Gynecologist seeks answers in sexual medicine field

by Dr. Daniel Laury

I’d just stopped delivering babies. It was 2002, I had made a lifestyle change to reduce stress and the need to be on call, and instead of expectant moms, I was seeing post-menopausal women. My patients were older and I had more time to field their questions. Many were about sex.

Patients asked me about aphrodisiacs, about how antidepressants affected their libido, how to deal with intercourse pain and a host of topics once deemed too taboo to talk about. Problem was, I didn’t have all the answers.

Looking back, I recall one day of medical school lectures devoted to human sexuality - one day in four years. Not much to go on.

I knew certain medications caused erectile difficulties in men, including those commonly used to control blood pressure. I also knew certain antidepressants such as Prozac and Zoloft were capable of interfering with orgasm in both genders.

But I had to do more digging to answer poorly researched questions. Patients would describe headaches that occurred with orgasm. "Is that normal?" they'd ask. The answer: Normal, no, but common, yes.

They also brought me paperwork from the Web describing "guaranteed" cures for everything from low libido to relationship problems , asking me if they worked. Usually they didn't.

Interest is growing in sexual medicine. As a lecturer, the two topics I get invited to speak on most often are hormone therapy and human sexuality. Seniors seem more comfortable than ever talking about sex. That means doctors had better be prepared to do some homework. So that's just what I did.

An older patient of mine whose husband recently had a stroke wanted to know if they should have sex. She wondered if it could cause another stroke, how much was too much, and whether certain positions were better than others.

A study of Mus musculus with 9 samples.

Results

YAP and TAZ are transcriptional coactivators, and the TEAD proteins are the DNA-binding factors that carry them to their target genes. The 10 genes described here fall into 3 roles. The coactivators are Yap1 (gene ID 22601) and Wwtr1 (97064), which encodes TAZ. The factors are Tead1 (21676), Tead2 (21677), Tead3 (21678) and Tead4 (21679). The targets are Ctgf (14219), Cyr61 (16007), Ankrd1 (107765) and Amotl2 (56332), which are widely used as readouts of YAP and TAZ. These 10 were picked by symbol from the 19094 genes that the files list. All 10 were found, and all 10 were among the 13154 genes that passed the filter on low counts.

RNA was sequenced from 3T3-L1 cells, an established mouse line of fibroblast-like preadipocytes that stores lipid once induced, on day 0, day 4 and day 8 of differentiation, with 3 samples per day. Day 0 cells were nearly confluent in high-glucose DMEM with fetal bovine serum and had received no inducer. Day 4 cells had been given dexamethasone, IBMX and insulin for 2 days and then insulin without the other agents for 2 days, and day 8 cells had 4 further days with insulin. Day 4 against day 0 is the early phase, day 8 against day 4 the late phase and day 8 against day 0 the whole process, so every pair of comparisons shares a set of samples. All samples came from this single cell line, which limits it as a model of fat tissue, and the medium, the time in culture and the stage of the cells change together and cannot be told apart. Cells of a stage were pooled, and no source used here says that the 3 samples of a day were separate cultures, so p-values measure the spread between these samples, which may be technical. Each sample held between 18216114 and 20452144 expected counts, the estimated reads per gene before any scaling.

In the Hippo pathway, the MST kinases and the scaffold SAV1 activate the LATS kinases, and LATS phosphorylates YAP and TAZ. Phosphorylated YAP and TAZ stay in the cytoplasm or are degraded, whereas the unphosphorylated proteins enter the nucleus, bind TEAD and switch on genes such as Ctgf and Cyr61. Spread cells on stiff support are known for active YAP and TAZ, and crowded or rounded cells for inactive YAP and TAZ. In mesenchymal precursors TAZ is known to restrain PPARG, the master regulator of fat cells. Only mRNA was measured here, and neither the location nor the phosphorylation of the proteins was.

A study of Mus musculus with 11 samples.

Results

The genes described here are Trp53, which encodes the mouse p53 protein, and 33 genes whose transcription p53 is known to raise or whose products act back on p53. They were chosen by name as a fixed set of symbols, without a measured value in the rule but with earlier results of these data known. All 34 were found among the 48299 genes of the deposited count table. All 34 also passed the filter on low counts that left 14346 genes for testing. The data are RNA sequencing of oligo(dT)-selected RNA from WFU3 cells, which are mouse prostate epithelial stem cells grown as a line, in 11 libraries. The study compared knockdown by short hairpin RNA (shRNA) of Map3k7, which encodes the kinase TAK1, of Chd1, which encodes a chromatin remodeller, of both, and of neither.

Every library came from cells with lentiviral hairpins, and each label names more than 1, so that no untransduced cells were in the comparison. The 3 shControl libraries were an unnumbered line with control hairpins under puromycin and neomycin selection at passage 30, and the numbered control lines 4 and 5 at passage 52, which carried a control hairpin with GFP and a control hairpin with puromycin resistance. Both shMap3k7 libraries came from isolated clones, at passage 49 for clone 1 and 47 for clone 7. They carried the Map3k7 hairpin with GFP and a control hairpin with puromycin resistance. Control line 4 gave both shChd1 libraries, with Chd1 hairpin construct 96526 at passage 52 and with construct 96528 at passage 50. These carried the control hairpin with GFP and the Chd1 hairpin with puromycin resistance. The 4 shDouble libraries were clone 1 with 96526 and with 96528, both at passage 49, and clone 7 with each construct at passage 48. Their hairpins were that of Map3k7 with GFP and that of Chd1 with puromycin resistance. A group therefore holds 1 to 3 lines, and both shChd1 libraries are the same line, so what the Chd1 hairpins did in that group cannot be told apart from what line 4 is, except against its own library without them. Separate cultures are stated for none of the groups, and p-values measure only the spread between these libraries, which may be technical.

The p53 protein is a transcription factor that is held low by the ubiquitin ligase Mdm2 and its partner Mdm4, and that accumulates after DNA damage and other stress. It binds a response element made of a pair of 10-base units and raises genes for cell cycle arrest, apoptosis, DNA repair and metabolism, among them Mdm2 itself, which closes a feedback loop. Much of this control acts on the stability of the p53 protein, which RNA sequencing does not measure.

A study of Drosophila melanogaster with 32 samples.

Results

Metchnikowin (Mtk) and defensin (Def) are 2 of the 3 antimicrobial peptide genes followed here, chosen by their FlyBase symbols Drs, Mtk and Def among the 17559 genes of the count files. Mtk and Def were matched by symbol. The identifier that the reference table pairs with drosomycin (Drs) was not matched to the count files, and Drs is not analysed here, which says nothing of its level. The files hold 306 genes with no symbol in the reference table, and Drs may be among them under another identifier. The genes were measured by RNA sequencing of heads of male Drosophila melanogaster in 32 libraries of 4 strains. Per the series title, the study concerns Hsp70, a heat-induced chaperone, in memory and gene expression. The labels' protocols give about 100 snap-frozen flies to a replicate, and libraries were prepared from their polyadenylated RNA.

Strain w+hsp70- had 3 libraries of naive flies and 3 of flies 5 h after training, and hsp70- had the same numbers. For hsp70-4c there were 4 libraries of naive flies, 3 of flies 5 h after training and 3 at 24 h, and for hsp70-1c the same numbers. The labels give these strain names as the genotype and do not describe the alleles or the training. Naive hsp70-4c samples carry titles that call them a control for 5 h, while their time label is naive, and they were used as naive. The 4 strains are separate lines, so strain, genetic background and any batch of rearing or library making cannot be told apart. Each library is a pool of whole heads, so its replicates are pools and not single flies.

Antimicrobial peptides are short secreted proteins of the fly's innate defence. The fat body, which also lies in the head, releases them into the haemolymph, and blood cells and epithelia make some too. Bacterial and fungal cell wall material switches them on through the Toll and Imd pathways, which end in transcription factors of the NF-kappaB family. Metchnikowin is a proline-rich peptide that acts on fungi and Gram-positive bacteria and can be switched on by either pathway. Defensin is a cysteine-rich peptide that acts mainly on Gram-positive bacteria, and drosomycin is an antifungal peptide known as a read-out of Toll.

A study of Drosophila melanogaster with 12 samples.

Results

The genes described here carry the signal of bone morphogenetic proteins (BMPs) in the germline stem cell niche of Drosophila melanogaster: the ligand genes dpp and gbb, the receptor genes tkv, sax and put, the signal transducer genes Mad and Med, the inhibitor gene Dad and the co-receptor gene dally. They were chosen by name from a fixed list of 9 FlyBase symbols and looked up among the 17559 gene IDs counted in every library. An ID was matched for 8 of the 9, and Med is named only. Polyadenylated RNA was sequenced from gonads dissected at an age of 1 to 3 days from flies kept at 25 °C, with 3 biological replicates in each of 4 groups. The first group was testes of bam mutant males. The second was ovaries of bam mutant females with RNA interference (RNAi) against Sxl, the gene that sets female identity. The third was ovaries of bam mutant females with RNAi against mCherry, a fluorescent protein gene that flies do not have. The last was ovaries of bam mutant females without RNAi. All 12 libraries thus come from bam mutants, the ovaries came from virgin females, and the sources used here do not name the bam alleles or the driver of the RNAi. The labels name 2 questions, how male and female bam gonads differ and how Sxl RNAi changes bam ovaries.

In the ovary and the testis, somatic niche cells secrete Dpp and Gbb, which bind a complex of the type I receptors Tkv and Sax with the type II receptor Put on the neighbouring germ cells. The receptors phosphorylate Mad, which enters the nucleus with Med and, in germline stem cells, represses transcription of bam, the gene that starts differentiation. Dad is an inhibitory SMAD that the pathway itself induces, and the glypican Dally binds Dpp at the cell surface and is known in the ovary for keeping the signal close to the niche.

Much of my early research proved futile - not much existed to answer these questions. But eventually, I found answers. Intercourse is on average as strenuous as climbing three flights of stairs. So, if he was able to do that, I reassured her, then sex should be OK. In addition, I found evidence that people engaging in sex tended to live longer.

When another woman asked me about the safety of sex toys, I was surprised to find there are significant risks to certain chemicals, such as phthalates, added to some flexible toys. There's some evidence phthalate exposure may increase risk for testicular cancer, lower sperm count and lung diseases, such as asthma.

Interestingly, sex toys aren't as well regulated in this country as in Europe and Canada. I recommend shatterproof glass or stainless steel instead.

On the surgical front, patients typically reported improvement in their sex life after a hysterectomy. This could be due to reduced cyclic bleeding, no potential for pregnancy and less pain. I wondered whether certain surgical techniques weren't better than others to preserve or even enhance sexual satisfaction.

Surgery can be used to treat pelvic organ prolapse, a condition resulting from vaginal weakness. Unfortunately, repair tends to focus only on anatomical and functional outcomes - leaving sex out of the equation. I found that by tightening or loosening tissues, sex could be more enjoyable for both partners.

I'm still learning, but as I get more into sexual medicine, I feel I'm helping patients achieve happiness and improve function in an important part of their lives.

As a medical community, we're just starting to take this area seriously. General medicine is thousands of years old, but sexual medicine - no matter the age of the patient asking - is still in its infancy.



I am not aware of any textbook on the subject but that leaves open the option to write one! Thanks to everyone for the comments.

My experience in medical school was similar to Dr. Laury's. Is there a text book on this subject suitable for medical students to use.

I agree. This article just is scratching the surface. I'd like to know more details.

Great information - please have more articles on this subject!